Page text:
There are four major carbon stores on the planet. The ocean contains the bulk of the world’s carbon with 38,855 GtC (Gigatonnes of carbon). The next largest store is in soil and sediment. This includes soil, fossil fuel deposits, marine sediment, permafrost and carbonate minerals such as chalk and limestone. Carbon is also stored in living things such as plants and animals. The store most debated in the news is the atmospheric store, accountable for climate change.
Carbon sinks refer to the net uptake of carbon by terrestrial and marine ecosystems. The ocean acts as a carbon sink, absorbing 1.6 GtC per year. While this is beneficial for the levels of atmospheric carbon dioxide, there are potential ramifications with changes in ocean chemistry, through the process of ocean acidification.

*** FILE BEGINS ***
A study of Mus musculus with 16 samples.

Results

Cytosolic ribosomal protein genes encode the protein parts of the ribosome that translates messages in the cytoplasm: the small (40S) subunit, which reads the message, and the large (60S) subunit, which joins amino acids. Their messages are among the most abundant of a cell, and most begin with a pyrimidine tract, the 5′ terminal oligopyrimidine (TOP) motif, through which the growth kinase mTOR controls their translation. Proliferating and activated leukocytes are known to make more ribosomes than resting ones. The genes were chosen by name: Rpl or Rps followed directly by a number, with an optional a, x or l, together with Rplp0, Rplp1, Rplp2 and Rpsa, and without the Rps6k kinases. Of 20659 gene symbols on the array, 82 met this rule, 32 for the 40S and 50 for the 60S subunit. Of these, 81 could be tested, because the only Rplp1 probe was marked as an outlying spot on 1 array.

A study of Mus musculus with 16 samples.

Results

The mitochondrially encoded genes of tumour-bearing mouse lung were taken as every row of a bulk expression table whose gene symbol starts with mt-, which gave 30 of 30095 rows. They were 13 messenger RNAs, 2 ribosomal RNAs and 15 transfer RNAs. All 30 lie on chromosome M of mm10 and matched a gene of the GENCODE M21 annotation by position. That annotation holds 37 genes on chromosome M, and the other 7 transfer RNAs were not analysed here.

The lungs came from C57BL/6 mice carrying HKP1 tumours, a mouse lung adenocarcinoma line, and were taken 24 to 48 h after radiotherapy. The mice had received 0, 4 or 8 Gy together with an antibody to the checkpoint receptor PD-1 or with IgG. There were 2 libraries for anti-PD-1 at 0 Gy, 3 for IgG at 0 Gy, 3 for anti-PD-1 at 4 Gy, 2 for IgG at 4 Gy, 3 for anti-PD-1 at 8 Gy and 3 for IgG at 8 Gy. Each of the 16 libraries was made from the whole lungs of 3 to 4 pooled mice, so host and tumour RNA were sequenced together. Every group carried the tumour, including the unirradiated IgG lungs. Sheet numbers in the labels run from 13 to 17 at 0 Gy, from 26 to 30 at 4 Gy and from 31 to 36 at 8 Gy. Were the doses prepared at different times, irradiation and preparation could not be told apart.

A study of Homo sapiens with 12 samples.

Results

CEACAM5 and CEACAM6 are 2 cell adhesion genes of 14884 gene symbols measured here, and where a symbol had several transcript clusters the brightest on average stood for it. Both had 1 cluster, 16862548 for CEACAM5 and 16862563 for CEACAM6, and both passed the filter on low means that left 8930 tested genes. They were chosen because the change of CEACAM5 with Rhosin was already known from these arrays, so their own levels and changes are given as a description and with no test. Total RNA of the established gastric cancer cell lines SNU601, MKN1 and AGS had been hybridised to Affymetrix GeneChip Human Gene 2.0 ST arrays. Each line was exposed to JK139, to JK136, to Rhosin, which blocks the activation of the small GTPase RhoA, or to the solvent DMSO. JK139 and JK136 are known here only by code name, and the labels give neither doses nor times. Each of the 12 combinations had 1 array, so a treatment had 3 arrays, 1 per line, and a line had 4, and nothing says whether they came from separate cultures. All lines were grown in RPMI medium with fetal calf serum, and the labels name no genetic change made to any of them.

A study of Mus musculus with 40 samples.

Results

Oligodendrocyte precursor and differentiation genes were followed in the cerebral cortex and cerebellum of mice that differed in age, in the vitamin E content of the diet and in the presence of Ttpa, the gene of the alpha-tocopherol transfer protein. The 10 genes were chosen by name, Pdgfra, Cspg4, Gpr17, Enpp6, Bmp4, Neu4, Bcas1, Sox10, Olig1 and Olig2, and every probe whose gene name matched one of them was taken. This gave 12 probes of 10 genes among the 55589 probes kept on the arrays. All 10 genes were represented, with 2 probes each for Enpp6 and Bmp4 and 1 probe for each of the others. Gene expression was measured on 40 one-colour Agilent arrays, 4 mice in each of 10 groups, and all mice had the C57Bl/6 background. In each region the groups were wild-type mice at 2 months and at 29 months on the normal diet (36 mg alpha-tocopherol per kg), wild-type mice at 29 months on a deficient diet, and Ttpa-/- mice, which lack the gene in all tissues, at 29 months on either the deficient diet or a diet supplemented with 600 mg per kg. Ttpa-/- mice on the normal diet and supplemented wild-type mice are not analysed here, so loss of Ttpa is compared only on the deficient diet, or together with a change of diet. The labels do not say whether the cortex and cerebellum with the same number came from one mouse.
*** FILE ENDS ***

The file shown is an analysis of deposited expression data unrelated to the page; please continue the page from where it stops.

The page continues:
The arrows on Figure 1, above, show carbon fluxes, the movement of carbon between the stores in Gigatonnes per year.
From left to right, the arrows show:
78.4 GtC released from the ocean into the atmosphere each year.
80 GtC absorbed by the ocean from the atmosphere each year.
8.9 GtC released into the atmosphere through man-made or anthroprogenic activities, such as land use change, burning fossil fuels and cement manufacture.
0.4 GtC captured in sediment in the ocean and lakes through decay. This is a very slow process.
118.7 GtC released into the atmosphere through plant respiration each year.
123 GtC absorbed by terrestrial plants through photosynthesis each year.
Carbon can take two routes to the ocean’s depths, as shown in Figure 2. These routes are referred to as ‘pumps’. The first, the ‘physical pump’, is a result of ocean water mixing due to currents. The second, the ‘biological pump’, is a result of feeding relationships and faeces production of zooplankton.